March 31, 2017, the 9th Circuit Court of Appeals in Ramirez v. Brown, came down with a decision that will help many people with Temporary Protected Status (TPS), pave a pathway to citizenship. Essentially, the Court reasoned that being granted TPS satisfies the notion of being “admitted” for the purposes of adjustment of status. Remember, to adjust status in the U.S., or obtain your green card in the U.S. without returning to your home country, one must have a petitioner, such as a U.S. citizen child over 21, or a U.S. citizen spouse, have been admitted to the U.S. lawfully, and not be otherwise inadmissible.
TPS allows foreign nationals to live and work in the United States without the fear of being deported. TPS is granted for various reasons, such as civil war, or a natural disaster. TPS is usually granted until these individuals can safely return to their country. The Department of Homeland Security has currently designated the following countries for TPS: El Salvador, Guinea, Haiti, Honduras, Liberia, Nepal, Nicaragua, Sierra Leone, Somalia, Sudan, South Sudan, Syria, and Yemen. TPS was historically a temporary benefit that did not directly lead to a green card. However, now, with Ramirez, registration for TPS can lead to a green card.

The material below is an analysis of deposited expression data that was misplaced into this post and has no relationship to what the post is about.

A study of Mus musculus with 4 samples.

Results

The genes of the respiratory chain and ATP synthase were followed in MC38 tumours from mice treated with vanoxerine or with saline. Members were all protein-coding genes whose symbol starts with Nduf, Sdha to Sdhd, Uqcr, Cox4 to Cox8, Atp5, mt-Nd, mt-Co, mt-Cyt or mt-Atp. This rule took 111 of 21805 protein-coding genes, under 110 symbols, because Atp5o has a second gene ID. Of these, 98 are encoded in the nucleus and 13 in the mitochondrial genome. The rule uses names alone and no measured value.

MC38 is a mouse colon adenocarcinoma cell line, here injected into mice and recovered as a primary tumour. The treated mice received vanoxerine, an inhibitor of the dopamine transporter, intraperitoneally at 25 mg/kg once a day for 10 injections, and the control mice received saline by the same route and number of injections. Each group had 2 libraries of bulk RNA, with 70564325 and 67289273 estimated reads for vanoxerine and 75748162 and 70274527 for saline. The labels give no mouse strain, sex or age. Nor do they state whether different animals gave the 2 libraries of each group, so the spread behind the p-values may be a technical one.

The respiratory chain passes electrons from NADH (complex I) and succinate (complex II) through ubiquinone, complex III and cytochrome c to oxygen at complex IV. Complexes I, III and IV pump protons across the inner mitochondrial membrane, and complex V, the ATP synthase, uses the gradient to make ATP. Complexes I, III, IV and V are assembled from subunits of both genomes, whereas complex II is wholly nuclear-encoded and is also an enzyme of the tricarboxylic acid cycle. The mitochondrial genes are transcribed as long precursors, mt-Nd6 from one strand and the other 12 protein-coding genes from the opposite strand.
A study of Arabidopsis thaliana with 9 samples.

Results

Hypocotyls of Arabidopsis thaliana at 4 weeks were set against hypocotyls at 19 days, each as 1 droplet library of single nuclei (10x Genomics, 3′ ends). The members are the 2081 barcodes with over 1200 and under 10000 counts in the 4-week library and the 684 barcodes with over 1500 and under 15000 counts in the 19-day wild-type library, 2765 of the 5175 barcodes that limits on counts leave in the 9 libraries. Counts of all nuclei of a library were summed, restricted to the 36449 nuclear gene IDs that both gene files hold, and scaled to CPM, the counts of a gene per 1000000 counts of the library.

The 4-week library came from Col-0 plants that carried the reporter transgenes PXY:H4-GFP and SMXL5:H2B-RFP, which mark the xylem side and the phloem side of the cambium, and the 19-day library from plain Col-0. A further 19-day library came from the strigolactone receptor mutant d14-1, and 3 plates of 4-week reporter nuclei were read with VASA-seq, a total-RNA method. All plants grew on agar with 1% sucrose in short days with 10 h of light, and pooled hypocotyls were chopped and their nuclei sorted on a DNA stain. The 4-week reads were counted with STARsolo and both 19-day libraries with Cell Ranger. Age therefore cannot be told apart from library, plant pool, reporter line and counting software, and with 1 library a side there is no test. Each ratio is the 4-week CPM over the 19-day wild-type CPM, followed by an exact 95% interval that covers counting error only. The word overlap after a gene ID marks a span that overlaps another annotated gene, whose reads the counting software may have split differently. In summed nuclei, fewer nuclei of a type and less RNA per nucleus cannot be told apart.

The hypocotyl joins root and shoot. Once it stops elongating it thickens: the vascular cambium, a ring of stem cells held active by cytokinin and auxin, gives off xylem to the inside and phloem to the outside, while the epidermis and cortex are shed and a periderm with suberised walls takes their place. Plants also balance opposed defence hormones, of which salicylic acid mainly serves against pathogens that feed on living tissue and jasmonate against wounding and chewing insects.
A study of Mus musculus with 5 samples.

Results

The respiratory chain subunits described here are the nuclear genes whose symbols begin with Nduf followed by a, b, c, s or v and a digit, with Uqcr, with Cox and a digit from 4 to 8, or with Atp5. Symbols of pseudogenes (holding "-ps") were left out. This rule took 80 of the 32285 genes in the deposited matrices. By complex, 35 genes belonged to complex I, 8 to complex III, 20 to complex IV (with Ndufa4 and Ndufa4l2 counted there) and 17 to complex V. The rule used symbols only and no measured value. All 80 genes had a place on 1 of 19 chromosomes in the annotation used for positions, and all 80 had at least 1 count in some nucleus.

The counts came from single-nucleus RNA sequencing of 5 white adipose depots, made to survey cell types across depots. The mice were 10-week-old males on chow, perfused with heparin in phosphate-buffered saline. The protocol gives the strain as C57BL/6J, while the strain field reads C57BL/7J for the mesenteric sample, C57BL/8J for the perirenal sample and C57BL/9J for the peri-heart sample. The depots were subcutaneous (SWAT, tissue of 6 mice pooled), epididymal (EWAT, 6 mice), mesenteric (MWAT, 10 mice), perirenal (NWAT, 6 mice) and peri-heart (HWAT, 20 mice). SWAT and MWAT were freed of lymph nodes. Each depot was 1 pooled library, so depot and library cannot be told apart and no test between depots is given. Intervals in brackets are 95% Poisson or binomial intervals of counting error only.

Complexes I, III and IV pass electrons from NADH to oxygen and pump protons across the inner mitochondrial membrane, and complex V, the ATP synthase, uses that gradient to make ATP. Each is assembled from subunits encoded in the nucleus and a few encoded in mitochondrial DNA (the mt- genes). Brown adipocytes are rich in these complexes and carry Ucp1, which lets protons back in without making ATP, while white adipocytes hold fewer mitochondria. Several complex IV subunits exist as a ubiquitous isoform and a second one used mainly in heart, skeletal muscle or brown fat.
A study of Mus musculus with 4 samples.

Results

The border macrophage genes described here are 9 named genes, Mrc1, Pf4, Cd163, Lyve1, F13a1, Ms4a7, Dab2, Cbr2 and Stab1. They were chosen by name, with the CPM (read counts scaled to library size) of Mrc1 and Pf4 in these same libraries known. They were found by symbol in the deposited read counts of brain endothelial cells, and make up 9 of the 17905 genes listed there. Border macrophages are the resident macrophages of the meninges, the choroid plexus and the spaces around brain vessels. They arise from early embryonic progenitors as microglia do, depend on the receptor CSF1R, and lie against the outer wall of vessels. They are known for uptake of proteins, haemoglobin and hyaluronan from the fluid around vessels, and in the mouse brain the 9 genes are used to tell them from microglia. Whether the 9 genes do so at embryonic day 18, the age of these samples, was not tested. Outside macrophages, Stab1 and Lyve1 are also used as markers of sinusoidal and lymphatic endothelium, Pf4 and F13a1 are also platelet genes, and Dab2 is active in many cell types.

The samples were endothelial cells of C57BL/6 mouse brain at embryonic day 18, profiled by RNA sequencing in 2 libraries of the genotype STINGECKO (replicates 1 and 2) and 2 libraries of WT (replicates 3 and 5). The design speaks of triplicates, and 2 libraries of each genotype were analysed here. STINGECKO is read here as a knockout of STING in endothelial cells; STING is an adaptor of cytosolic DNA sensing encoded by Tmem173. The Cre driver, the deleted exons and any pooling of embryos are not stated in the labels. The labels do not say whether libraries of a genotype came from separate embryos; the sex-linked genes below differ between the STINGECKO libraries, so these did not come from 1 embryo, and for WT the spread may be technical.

The Court in Ramirez stated that being granted TPS was sufficient to be considered to be “admitted” to the U.S. This decision is significant because, many of those with TPS entered the U.S. without documents. Although TPS holders have not entered lawfully, the Court reasoned, being granted TPS by the government is an admission, albeit temporary, and this is sufficient for the requirement of being admitted. Again, applicants must still have a viable petitioner, and not be otherwise inadmissible for any reason, but otherwise, TPS is an option for adjustment.
Prior to this recent case, those who had TPS and entered the U.S. without documents were not considered to be “admitted to the U.S. Many of those that were granted TPS status and had family in the U.S. had to return to their native countries once it was safe. If they were eligible, they would have to then wait to perhaps immigrate back to the U.S. This new case in the 9th Circuit opens many doors for those who wish to remain in the U.S., indefinitely. If you feel this case may apply to you, speak with a knowledgeable attorney.